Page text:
2 wanted in officer's killing are captured in Philadelphia

After manhunt, tip to Baltimore police leads to brothers' arrests

February 20, 2000|By Dan Thanh Dang and Dennis O'Brien | Dan Thanh Dang and Dennis O'Brien,SUN STAFF

PHILADELPHIA -- After a two-week manhunt, two Baltimore men wanted in the fatal shooting of an off-duty police officer were arrested yesterday afternoon at the home of a relative in a crime-ridden neighborhood of North Philadelphia.

Richard Antonio Moore, 29, and his brother, Wesley John Moore, 24, were arrested about 3: 30 p.m. after a task force of two dozen federal agents, Baltimore County and Philadelphia police raided a three-story rowhouse in the 2200 block of N. 19th St. The Moores immediately dropped to the ground and surrendered, police said.

Both men, who were being held at Philadelphia police headquarters last night, have been charged with first-degree murder and are to be arraigned today.

Baltimore County Sgt. Bruce A. Prothero was killed Feb. 7 when he chased four suspects who fled a Pikesville jewelry store after a robbery.

The Moores were arrested in a brick rowhouse with broken windows. Houses with boarded-up windows stand on either side along the trash-strewn one-way street.

Outside the house late last night, David Ebron, who owns the rowhouse, started shaking his head as police from Baltimore County and Philadelphia drove away after an hourlong search, taking two green plastic bags with them.

Ebron, a 66-year-old retired construction worker, said the Moore brothers had been staying with him since a week ago Thursday. He said they showed up at his door and told him they had plans to go to Atlantic City and the Poconos and never mentioned they were in trouble with the law.

"I said sure you can stay with," he said. "Family is always welcome." Ebron is the Moore brothers' great-uncle.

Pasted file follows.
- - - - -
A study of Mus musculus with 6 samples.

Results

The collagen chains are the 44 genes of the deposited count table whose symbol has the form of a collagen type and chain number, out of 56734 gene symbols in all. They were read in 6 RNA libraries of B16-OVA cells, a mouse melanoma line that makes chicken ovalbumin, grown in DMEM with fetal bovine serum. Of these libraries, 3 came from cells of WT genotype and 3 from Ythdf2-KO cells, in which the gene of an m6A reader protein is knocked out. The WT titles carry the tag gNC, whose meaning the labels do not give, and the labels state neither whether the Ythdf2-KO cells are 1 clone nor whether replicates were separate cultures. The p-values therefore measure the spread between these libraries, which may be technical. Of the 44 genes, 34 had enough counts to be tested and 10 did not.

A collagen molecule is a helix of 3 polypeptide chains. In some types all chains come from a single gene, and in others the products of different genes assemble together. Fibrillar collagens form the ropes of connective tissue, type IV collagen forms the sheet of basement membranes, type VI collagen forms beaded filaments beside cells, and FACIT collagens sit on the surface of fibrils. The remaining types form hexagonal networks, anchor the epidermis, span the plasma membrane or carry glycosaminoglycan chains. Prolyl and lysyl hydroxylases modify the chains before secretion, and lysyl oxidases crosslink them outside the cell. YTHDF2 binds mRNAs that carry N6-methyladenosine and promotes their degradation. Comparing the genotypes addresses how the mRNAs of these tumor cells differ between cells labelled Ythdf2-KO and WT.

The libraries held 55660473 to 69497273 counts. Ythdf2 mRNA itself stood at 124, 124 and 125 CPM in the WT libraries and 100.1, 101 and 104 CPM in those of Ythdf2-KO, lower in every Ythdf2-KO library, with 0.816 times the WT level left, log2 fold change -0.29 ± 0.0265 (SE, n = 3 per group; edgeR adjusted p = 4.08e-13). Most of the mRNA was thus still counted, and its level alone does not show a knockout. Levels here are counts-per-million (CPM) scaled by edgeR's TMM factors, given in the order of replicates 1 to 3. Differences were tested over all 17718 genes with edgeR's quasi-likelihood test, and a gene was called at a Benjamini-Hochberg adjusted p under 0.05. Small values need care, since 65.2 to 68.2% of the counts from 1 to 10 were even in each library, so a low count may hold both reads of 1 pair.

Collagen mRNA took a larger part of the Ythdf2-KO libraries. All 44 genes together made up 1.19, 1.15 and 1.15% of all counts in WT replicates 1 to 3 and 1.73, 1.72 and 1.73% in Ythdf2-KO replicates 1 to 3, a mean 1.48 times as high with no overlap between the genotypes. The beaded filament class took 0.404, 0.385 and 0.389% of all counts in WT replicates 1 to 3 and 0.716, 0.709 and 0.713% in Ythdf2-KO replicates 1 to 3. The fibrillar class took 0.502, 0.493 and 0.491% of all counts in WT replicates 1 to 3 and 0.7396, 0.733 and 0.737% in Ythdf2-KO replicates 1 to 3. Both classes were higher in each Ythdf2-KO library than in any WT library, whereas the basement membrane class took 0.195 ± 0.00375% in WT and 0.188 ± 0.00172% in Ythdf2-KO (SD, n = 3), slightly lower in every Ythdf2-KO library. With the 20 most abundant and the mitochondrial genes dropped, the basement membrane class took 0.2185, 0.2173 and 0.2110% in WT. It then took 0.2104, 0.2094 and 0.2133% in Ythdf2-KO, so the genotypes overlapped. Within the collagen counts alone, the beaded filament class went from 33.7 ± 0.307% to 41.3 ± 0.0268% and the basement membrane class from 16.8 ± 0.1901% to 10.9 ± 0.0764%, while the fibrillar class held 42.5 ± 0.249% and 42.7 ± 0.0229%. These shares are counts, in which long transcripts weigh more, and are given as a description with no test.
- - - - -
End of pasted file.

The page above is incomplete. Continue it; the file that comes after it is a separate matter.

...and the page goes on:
The two brothers stayed in a first-floor middle bedroom in separate bunk beds.

He said that he learned they were being sought by police in a letter he received Friday from a niece and that he prayed all night for guidance. "I prayed -- I prayed very, very hard," Ebron said. "I was going to ask them about it; I wanted to talk to them together about it."

He said he planned to discuss the matter with his nephews in the early afternoon, but they were not home at the time.

A short time later, after Wesley and Richard had returned, Ebron said, a team of heavily armed officers banged on his door about 3: 30 p.m. and demanded that he put his hands in the air.

When police entered, Wesley was in the front hallway and Richard was near the front stairs, and they both "laid down and surrendered and did what they were told," Ebron said.

Neighbors said last night that the raid involved dozens of police officers and FBI agents armed with shotguns, rifles and spotlights.

"There was cops everywhere," said Michael Goodman, who lives next door.

News of the arrest spread quickly throughout Baltimore County as overjoyed police officers and political leaders praised the work of Baltimore police, who received a tip that the brothers were staying with a relative in Philadelphia and passed it on.

"I'm just very relieved," said County Executive C. A. Dutch Ruppersberger, who was visiting family in Ocean City when he received a call from police Chief Terrence B. Sheridan with the news. "I'm sure the family, friends and fellow police officers are also all relieved that these two individuals have been taken into custody."

"This whole situation has been difficult for everyone," Ruppersberger said as he was returning home last night for a telethon to raise money for Prothero's wife and five young children.

Two other men were arrested in Baltimore within days of the shooting.

Donald Antonio White Jr., 29, and Troy White, 23, both of Baltimore, are being held at the county Detention Center on first-degree murder charges without bail. The Whites are not related.

But the Moores remained free, despite dozens of tips to city police and county police headquarters, the 911 center, precincts and the homicide unit.

They also did not turn up despite a passionate public plea from Mary Moore, the suspects' mother, for her sons to turn themselves in the week of the shooting. The Moore family declined to comment last night.

But police said the tip from an informant came as county and city police were crisscrossing the Baltimore area for a breakthrough in the case.

At Circle Terrace Apartments in Lansdowne, where Richard Moore had lived, police hung "wanted" posters at the rental office asking for help in their search.

County police tactical officers, acting on a tip Tuesday, combed a North Point neighborhood looking for the Moores.

Neighbors at an Essex community where Wesley Moore once lived said a police helicopter with searchlights scanned the community Wednesday night.

Yesterday afternoon, about two hours before the arrest in Philadelphia, county homicide detectives were back in North Point interviewing residents about the Moores' whereabouts.